Evan Habeeb-USA TODAY Sports

The word "elite" gets thrown around with quarterbacks especially. "Is this guy elite?" "How can a quarterback be elite if he throws under 4000 yards every year?" However, the word "elite" is truly just an opinion as it is up to the reader to determine which categories makes a quarterback an upper-echelon player.

Some believe it is regular season wins. Some would say Super Bowls. We've even heard it's touchdowns and yards that determine how good a quarterback is. Whatever set of stats you want to look at, everyone should agree that a clutch quarterback is one they would rather have on their team regardless of the rest of the stats. What best way to look at how clutch a quarterback is than how they perform in the postseason compared to the average quarterback.

FiveThirtyEighttook a look at exactly that; just how many wins the average quarterback would have gotten in the playoffs versus the quarterback that actually led the team since 1970. The winner is a little surprising, but no Raven fan should be shocked to hear that Ravens quarterback Joe Flacco is actually the 4th ranked clutch quarterback. Ahead of guys like Tom Brady and Peyton Manning, Flacco even finds himself in front of John Elway(5), Troy Aikmen(9), Drew Brees(26), Aaron Rodgers(20) and Ben Roethlisberger (15).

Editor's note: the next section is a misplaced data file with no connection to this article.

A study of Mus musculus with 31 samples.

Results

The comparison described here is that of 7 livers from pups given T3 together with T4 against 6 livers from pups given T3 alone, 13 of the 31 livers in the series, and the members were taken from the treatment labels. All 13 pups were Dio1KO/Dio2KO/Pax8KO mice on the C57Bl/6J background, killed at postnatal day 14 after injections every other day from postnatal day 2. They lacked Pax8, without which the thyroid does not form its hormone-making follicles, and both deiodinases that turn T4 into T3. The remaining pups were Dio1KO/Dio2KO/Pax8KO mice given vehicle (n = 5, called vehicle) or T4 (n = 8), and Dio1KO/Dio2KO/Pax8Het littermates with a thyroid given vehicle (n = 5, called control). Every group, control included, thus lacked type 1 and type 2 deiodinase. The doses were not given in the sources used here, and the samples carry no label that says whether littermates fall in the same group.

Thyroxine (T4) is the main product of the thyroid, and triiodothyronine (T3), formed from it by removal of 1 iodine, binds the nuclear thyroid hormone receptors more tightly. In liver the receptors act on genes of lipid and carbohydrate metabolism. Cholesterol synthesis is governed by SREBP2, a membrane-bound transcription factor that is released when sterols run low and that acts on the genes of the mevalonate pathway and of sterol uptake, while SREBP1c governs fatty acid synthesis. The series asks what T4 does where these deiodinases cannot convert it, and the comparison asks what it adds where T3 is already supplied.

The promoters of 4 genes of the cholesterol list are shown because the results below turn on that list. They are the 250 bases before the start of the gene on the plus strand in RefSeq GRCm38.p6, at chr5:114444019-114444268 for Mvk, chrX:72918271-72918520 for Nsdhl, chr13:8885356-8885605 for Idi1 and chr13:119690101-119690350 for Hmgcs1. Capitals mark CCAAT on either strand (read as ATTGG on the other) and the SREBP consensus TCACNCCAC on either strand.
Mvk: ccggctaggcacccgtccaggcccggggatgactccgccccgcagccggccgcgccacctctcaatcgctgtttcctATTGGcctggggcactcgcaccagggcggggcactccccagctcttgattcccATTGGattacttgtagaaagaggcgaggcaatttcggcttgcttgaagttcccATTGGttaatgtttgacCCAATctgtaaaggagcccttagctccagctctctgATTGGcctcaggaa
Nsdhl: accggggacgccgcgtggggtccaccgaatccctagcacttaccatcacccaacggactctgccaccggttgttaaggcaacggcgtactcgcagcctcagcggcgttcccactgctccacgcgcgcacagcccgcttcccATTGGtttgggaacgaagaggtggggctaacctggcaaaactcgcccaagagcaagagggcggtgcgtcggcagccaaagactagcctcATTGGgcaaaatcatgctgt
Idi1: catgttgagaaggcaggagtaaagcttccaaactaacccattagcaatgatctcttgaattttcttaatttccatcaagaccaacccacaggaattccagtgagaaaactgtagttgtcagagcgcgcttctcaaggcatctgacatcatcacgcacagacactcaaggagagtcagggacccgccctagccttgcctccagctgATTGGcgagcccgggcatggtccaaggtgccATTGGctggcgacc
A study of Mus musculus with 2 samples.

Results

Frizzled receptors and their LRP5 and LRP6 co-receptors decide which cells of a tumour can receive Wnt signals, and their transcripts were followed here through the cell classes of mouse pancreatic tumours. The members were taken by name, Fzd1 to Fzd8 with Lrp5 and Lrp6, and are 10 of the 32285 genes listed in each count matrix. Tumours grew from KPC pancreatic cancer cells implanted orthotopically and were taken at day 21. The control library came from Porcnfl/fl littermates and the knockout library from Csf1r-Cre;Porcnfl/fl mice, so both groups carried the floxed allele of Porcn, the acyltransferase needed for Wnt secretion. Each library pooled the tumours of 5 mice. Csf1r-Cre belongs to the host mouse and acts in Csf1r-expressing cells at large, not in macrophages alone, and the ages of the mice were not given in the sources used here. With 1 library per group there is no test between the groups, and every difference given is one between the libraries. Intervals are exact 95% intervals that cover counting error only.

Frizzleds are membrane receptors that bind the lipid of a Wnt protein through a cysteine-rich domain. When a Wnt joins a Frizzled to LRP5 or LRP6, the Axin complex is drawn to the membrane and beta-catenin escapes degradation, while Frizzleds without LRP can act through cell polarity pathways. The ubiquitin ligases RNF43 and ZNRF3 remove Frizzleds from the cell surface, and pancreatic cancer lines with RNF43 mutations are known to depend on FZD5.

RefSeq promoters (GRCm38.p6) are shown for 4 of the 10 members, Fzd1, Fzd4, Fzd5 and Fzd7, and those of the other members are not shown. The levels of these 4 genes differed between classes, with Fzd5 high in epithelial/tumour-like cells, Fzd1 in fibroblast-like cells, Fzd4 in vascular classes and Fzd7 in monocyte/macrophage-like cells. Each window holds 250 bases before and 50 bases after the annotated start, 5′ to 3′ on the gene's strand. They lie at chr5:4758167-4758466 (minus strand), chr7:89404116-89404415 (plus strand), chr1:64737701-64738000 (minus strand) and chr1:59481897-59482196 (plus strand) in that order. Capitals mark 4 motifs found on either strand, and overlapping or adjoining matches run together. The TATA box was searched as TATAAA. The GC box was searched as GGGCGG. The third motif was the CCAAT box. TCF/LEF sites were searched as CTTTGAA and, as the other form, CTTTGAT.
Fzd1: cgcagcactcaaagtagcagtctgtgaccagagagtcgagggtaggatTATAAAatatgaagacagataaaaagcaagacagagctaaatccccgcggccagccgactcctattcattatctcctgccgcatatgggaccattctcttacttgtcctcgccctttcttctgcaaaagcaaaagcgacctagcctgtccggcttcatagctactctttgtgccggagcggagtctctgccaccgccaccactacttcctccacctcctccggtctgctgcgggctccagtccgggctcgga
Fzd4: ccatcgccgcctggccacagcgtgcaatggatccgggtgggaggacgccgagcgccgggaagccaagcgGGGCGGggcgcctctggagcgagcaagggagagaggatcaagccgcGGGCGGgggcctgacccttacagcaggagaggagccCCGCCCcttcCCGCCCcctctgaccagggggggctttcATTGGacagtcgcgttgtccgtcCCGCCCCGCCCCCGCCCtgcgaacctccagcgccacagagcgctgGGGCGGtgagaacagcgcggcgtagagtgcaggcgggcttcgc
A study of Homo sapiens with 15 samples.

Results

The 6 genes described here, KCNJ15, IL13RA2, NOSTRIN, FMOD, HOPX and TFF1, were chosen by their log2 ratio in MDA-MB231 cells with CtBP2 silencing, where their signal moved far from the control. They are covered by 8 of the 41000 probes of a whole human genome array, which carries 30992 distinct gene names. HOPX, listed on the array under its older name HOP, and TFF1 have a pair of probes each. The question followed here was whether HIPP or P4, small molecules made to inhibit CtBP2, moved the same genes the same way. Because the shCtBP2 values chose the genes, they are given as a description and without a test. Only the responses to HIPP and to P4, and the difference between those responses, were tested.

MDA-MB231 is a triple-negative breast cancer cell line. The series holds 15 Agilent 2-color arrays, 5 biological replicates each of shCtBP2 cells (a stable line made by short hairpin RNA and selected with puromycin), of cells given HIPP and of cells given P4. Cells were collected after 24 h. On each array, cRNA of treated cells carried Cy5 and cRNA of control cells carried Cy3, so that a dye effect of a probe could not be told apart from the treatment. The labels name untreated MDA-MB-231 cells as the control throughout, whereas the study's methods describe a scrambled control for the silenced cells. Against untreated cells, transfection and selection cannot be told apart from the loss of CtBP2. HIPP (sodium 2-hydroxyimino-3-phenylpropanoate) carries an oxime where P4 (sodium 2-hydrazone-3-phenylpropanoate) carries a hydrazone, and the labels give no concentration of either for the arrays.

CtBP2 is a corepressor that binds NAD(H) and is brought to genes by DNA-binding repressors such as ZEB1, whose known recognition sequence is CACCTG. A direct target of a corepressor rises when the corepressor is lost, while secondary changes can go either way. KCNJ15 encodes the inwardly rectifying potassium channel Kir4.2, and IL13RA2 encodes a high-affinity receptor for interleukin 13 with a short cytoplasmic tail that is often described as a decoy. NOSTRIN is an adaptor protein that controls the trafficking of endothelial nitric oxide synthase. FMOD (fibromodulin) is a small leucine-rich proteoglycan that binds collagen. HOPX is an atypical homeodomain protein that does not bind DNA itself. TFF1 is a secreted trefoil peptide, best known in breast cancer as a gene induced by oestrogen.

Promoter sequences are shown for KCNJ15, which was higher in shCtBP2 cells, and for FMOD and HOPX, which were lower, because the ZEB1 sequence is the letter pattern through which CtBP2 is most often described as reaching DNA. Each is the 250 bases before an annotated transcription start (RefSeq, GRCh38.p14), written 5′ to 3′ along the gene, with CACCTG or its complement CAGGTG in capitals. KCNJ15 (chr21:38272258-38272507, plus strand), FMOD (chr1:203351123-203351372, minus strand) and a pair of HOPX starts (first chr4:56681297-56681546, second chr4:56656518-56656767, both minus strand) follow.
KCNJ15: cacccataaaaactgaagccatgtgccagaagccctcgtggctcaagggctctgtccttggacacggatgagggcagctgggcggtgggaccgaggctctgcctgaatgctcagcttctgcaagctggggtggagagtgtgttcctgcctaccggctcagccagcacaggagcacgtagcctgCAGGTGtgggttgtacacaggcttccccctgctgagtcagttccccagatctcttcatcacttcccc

With 10 wins and only 5 losses in his playoff career, Flacco is one of the most winningest quarterbacks of the postseason. But when you look at the projected record of a replacement-level quarterback, the wins and losses flip. The average quarterback would have won only 5 games and would have lost 10 (5.3 and 9.7 respectively). Meaning that the probability that Flacco's wins happened by chance fall at a 0.6% chance!

Weirdly enough, Trent Dilfer finds himself on this list as well. With a 5-1 record in the postseason, Dilfer ranks at number 7 overall with an average quarterback win/loss record of 2.5 and 3.5, leaving him with a 2% chance that the record was luck.

Regardless of how you want to look at the elite quarterbacks, the proven clutch ability of Joe Flacco in the postseason is undeniable.